One-Shot, One Killer Game
One-shots can be a little polarizing in my experience. Players and GMs who like long, complex plots or rich character development, one-shots are going to be found wanting. On the other hand, some players love rolling up new characters all the time and/or testing out cool character builds, etc. One-shots are remarkably well-suited to the latter type of player. If a character concept doesn’t work out as expected, once the session is over, the player can tweak or shelve that character without a fuss.
Regardless of whether you are one of these player types, your group is probably going to play a one-shot sooner or later. Maybe someone wants to see what it’s like behind the GM screen (see Future Article for advice on this), or the group wants a themed game for Halloween. In any case, we’re going to dive into how to run and play in a successful one-shot (especially so it doesn’t turn into a two-, three-, or more-shot). Even if these short-format games aren’t your favorite, these tips will help crank up the fun so that your whole group has a great game.
The first key to a successful one-shot is to start the game off quick. No dilly-dallying around a tavern while a mysterious stranger sits in a corner waiting to say “Stay a while, and listen.” The whole adventure is going to take place in a matter of a few hours, so the GM needs to make sure the first plot beat is introduced IMMEDIATELY. As soon as the game starts, there should be action that draws the characters/players in, directly engaging with the main plot.
As a player, you need to recognize this need for speed too. Help the GM build momentum right out of the gate by having your character take the hook and run with it. There’s no time to waste gossiping with the locals or doing some extra shopping. This is not to say that you must avoid opportunities for roleplay. But you - and your character - must recognize the need for urgency (and it’s the GM’s job to provide this sense of urgency for the players). Both the GM and players need to hit the ground running: introducing the main conflict and taking direct action toward resolving it.
Once the main plot has been introduced and the initial scene resolved, the GM should have two main points of conflict that stand in the party’s way of reaching the finale. These obstacles can take pretty much any form: monsters, hazardous terrain, parlay with NPCs, you name it. The key to these two points of conflict is 1) they should be clearly recognizable as obstacles, and 2) overcoming these obstacles should be fairly straightforward.
Yes, the players always have the ability to come up with creative solutions to conflict. BUT, no matter what conflicts the GM prepares, they need to be resolved fairly quickly so the party can advance the story. Puzzles or complex traps can sometimes leave the PCs scratching their heads, or otherwise unable to move forward. If the players miss or ignore an important clue, the game stalls and threatens the whole adventure, since you plan to play it out in only ONE session. If your group absolutely loves navigating puzzles, traps, etc., the GM will just need to be very careful and, more importantly, FLEXIBLE when setting up these situations. The GM must be okay with multiple solutions or ways of resolving the conflict.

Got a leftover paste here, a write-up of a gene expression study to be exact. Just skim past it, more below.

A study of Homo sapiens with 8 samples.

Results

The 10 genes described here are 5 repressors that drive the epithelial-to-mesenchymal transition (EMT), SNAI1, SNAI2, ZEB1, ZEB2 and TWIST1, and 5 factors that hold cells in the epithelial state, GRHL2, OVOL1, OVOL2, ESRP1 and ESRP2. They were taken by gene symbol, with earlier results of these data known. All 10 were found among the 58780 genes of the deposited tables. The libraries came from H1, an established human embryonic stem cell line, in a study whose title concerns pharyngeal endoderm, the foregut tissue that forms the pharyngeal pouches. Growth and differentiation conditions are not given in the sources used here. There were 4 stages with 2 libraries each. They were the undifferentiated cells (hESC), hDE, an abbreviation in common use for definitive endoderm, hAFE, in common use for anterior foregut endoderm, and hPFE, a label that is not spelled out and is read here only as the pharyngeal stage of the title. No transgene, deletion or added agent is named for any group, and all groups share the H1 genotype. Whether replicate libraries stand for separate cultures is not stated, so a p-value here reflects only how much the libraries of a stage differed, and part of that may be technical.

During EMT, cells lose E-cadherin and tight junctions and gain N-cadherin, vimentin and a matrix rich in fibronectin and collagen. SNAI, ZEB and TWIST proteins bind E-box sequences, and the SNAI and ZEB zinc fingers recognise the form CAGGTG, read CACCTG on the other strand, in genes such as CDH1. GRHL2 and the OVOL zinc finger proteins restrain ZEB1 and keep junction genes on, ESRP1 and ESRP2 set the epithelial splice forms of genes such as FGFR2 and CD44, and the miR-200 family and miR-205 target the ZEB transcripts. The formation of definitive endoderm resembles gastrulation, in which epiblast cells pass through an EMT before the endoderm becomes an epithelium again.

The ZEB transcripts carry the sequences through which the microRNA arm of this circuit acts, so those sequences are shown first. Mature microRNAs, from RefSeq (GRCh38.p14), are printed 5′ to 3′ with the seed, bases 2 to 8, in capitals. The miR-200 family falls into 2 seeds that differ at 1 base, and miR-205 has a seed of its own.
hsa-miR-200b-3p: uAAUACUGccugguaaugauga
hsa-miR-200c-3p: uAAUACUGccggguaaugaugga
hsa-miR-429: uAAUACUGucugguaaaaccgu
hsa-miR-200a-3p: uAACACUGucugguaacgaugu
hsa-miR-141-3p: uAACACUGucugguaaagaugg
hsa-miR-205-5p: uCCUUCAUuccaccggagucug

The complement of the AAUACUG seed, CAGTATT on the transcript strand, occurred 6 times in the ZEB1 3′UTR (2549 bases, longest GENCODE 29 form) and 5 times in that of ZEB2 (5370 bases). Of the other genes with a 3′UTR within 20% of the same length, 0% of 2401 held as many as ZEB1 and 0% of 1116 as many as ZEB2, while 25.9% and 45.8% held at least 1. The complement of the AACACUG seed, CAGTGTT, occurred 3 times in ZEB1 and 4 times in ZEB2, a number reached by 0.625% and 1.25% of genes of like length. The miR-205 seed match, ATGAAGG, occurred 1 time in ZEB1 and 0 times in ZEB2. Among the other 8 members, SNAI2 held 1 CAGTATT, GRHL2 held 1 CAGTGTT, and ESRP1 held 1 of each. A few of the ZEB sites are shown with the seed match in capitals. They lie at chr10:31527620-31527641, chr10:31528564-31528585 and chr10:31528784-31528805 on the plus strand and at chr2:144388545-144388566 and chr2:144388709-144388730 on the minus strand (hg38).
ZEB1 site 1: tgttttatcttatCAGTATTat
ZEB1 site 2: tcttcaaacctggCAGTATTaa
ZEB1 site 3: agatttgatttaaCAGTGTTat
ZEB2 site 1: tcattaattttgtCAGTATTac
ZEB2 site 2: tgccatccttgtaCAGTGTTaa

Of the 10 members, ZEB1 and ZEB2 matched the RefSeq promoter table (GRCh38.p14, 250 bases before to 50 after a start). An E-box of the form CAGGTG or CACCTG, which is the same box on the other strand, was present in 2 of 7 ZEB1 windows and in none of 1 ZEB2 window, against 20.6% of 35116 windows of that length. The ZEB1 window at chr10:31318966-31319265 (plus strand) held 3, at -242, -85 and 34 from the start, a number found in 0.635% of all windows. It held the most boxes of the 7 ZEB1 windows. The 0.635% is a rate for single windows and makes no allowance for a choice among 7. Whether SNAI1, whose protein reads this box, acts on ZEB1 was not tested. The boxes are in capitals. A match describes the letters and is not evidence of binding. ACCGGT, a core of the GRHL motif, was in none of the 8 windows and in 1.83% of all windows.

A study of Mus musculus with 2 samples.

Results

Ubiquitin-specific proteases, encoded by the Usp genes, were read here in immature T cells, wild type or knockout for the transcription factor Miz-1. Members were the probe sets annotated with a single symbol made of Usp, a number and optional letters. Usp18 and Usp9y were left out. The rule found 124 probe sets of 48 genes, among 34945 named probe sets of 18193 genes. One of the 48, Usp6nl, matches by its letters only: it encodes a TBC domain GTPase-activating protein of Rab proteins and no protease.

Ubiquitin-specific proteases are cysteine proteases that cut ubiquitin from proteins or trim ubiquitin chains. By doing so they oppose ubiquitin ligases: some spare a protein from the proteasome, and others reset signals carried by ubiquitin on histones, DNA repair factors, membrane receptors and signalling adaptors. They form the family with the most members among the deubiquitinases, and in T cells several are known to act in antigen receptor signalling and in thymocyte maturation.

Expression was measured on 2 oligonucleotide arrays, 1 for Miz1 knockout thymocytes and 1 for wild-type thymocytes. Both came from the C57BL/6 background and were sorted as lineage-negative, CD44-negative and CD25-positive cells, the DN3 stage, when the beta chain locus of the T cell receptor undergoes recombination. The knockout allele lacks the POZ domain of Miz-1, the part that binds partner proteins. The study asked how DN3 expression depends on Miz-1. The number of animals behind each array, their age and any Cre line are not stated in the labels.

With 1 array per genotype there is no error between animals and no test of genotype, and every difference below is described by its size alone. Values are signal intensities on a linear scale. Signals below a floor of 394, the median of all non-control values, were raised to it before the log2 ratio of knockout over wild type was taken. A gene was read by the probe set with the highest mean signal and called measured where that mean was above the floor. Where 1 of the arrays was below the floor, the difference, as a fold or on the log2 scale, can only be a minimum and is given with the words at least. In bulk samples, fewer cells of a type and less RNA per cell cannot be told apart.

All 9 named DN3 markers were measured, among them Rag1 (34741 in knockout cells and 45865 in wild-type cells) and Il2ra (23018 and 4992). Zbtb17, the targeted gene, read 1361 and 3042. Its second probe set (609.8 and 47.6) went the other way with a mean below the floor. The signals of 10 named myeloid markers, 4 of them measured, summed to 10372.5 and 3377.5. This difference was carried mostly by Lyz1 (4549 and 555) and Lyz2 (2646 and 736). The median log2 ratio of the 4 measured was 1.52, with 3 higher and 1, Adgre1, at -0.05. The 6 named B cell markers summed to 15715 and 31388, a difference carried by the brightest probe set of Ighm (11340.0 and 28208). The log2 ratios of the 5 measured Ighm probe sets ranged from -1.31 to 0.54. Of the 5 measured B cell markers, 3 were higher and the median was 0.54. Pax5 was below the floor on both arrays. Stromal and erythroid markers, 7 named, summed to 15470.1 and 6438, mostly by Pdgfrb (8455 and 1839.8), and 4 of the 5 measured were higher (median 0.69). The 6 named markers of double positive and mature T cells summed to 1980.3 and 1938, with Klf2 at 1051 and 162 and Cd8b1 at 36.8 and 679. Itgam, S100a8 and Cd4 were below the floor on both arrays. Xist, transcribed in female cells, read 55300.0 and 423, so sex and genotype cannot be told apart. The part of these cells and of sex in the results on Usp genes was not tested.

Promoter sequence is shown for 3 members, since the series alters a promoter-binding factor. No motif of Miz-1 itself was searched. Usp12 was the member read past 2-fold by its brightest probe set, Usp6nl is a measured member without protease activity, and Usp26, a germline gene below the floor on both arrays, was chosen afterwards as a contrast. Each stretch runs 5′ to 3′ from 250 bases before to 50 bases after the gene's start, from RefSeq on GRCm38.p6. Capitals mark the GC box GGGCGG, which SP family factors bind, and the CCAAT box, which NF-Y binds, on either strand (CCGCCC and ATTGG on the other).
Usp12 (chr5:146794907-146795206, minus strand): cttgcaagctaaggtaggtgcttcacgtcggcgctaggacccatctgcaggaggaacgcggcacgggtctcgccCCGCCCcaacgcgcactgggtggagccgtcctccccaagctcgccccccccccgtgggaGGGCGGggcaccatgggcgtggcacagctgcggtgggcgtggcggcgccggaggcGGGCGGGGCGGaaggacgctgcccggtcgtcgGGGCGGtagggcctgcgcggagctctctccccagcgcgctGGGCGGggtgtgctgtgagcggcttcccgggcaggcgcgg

Bend Like the Willow
It is an old piece of wisdom that says “As the chaotic winds rise, the oak falls while the willow bends.” In a one-shot more than any other style of play, strict adherence to rules and normal operating procedures must give way to flexibility. We all know how hectic things can get at the table, especially during combat. As the GM, keep the game flowing (see this article on game flow) and don’t be afraid to narrate your way through an encounter in order to resolve it more quickly. Ending a combat with a dramatic description of how the party overcomes the great demon is much more important to the overall game than making them carve through its pile of remaining hit points.
On the player-end, help the GM keep up the pace by being decisive about your character’s actions. Don’t spend your precious time hem-hawing about “the right” spell to use or the best tactical move. Make a decision and let the consequences fall how they may. This should go for continuous adventures as well (each round is only supposed to be six seconds of “narrative time,” after all). But with one-shots there is a lot less leniency about how much time is spent on each player’s turn. Once you make a decision for your character, see how it plays out and be ready to adapt to the shifting winds.
A one-shot is especially the time when the GM needs to control the pacing of the session. Since the adventure needs to run all the way from start to finish in a few hours, it falls to the GM to ensure this. Planning out how long each section of the adventure should take (in real time) allows the GM to notice “Oh, only an hour left, I should really get the group headed into the castle for the big showdown.” More than anything else, this will help keep the party on track to finish the game in ONE shot, rather than having to abruptly cut the game short or end with a cliffhanger that could very well turn it into a two-shot.
Remember, for a one-shot flexibility == fun. Rules-lawyers may tsk tsk at this idea, but even they won’t argue that completing a full adventure in one go is better than an adventure that falls short of the conclusion because every rule needed to be implemented and adjudicated perfectly. One-shots are a terrific way to explore a new character or play-style. Even if that character is short-lived, a successful one-shot will allow that adventurer’s name to echo in eternity (around your table, at least).